I engaged in an extensive and flirtatious courtship with multichannel music, but never really sealed the deal. The best surround mixes use either little or no center channel, and add just a splash of ambience in the surrounds, bringing little to the experience of listening to music that a good stereo doesn’t already do. On the hardware side, multichannel is unequivocally a step backward—or at best a heinously expensive step sideways. I’ve heard the best surroundsound processors and a number of analog multichannel linestages. None withstand comparison to a good, $3k stereo linestage. Tabulate the price tag for tripling up on top-quality stereo linestages, amps, and speakers to grab a little ambience, and you see where I’m headed. Stereo rules.
With its $5950 C-5xe U2, Colorado-based Ayre Acoustics has designed and built a reference-quality multi-format player for music guys like me. Although I’m sure the Boulder boys are fans of Irish rockers U2, the model designation is catchy jargon for “universal stereo.” The C-5xe is a music playin’ machine that only outputs stereo audio (nope, no video) from CDs, SACDs, and DVD-A/V discs. The C-5xe is sooo about stereo music that it’s practically a turntable for optical discs.
The box is typical Ayre, substantial at 26 pounds (seemingly half of that weight in power supply transformers) and simple almost to the point of austerity, with the added flair of a navigation wheel on the right side of the front panel. Actually, it’s two concentric wheels with six basic playback and navigation buttons. Whatever it is, it looks slick and adds tactile panache.
Although eliminating video circuits keeps the audio signal path quieter, it makes DVD-A discs a challenge to navigate. DVD-A discs do many things, but something they typically don’t do is just play music when you pop one in and hit PLAY. Many DVD-As are loaded with multiple mixes, sample rates, and formats, and often boot-up to an on-screen menu that must be navigated to select the hi-rez stereo or multichannel mixes. With the C-5xe, you obviously want hirez stereo. Getting there is a little tricky without the benefit of going on-screen.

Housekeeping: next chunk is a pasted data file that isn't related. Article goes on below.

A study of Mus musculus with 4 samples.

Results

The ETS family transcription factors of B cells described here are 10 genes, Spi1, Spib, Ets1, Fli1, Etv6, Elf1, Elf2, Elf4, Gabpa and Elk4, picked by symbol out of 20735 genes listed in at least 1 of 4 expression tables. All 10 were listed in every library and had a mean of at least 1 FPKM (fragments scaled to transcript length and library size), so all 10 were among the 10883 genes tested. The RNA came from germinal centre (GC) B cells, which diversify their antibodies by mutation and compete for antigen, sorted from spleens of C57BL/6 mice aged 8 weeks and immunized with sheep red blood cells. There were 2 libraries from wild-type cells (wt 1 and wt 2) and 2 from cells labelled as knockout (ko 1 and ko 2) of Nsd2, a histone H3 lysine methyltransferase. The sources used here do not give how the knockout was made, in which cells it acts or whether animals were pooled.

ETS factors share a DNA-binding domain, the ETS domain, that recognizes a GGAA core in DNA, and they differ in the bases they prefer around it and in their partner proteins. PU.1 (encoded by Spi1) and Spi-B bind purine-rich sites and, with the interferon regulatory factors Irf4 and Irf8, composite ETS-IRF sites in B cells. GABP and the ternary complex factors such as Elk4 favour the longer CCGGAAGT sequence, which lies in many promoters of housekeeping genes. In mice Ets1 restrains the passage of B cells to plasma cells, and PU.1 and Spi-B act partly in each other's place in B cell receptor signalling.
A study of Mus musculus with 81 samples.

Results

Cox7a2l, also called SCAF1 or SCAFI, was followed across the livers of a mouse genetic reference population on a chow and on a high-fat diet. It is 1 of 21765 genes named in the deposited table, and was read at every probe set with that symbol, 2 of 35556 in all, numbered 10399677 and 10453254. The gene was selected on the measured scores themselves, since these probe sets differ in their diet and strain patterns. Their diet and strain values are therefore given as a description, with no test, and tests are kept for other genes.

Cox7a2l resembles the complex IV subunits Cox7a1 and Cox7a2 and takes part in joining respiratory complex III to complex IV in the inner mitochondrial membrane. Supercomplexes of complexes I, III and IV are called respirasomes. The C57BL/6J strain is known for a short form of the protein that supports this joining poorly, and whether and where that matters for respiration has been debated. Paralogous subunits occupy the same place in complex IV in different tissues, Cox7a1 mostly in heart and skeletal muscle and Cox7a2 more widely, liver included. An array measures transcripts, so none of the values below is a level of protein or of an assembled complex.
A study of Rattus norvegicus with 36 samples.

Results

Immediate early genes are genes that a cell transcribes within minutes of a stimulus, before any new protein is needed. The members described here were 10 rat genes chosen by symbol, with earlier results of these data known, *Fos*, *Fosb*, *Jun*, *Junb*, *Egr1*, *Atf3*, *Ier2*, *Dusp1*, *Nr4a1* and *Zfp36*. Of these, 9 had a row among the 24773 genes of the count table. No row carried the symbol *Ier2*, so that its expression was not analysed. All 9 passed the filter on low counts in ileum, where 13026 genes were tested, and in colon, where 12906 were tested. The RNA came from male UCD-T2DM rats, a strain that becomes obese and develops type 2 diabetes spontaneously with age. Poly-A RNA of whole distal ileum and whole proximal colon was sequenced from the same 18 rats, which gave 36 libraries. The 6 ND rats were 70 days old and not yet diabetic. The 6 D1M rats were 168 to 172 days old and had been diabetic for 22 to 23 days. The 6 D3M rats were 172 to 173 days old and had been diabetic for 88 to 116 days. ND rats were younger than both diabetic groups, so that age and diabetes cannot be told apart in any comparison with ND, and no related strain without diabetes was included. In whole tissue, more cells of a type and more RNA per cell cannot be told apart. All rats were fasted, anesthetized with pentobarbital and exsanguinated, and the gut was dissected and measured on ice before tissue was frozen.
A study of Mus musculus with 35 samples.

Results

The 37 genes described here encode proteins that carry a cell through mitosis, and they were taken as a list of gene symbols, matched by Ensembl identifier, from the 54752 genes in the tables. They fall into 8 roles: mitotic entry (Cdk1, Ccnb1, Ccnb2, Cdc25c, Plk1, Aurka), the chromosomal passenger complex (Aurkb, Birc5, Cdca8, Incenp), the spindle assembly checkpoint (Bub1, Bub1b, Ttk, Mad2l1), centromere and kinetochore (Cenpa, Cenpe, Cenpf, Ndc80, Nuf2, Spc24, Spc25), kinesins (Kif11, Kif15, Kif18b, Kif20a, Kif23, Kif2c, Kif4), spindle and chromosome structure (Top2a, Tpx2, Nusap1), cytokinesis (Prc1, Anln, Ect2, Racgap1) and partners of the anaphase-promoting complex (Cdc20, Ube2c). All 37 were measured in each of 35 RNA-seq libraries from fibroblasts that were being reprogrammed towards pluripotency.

Ayre’s non-GUI solution to this problem involves three front-panel display LEDs. With a DVD-A disc in the player and the machine stopped, the PREVIOUS and NEXT buttons on the remote or front panel switch “Group” numbers on the disc. When you play a group, you determine which has the highest sample rate: the 1x LED lights up for 44k or 48k sample rates; 2x for 88.2 or 96k; 4x for 176.4 or 192k.
There’s one problem with this approach, as demonstrated by Warner’s DVD-A of Fleetwood Mac’s Rumours. As with most DVD-As I’ve seen, the jacket has no information regarding which groups of songs have what mixes and sample rates. Rumours has 96k stereo and 5.1- channel mixes. When played, both groups trigger the 2x LED. One is real stereo, one is a phony downmix from multichannel. Is it a bad mix or a downmix? The only way to tell is to listen. Any wonder why DVD-A has been D.O.A.?
The plus side of Ayre’s non-video approach is that it allowed president and chief designer Charlie Hansen to do the audio the Ayre way, which is to the nth degree. In addition to the overdone power supply, Ayre exclusively uses fully balanced, discrete circuitry, with no inherently high-feedback opamps. In fact, there’s no feedback at all. Truly balanced circuits require higher parts count, and Ayre doesn’t skimp on quality. While manufacturers typically use off-the-shelf clocks and digital filters, Ayre rolls its own. DSD is converted to analog without being converted to PCM first, and Ayre employs and offers digital filtering algorithms that favor time-domain performance over frequency response. I say “offers” because the C-5xe has switchable filters (DIP switch on the rear panel) marked “Measure” and “Listen,” the latter offering better time-domain fidelity and sound.
None of this would mean jack if the C-5xe wasn’t the best multi-format player I’ve heard. Multi-format players typically fall on their face with at least one format, or make all three sound equally mediocre. The Ayre not only doesn’t fall, it sounds absolutely scintillating with Red Book CD and hi-rez PCM and DSD alike, to a degree that’s unparalleled in my considerable experience with multi-format players.
Another bugaboo with universal players is that, too often, SACD sounds either so relaxed that it’s downright soft (as with Simaudio’s Orbiter) or its extra high-frequency information is emphasized to the point of sounding hard or brittle (i.e., Esoteric’s X-01 and UX-1). The C-5xe is the third bowl of porridge— it’s just right. SACDs are clearly more hi-rez, with substantially increased midband resolution and an utterly free and open top end that makes CDs sound broken. Tonally and spatially, many SACD players sound like they’re in a fog compared to the C-5xe’s focused and remarkably dimensional clarity. The sound is also balanced, with enough ease to remind you why SACD often draws comparisons to analog.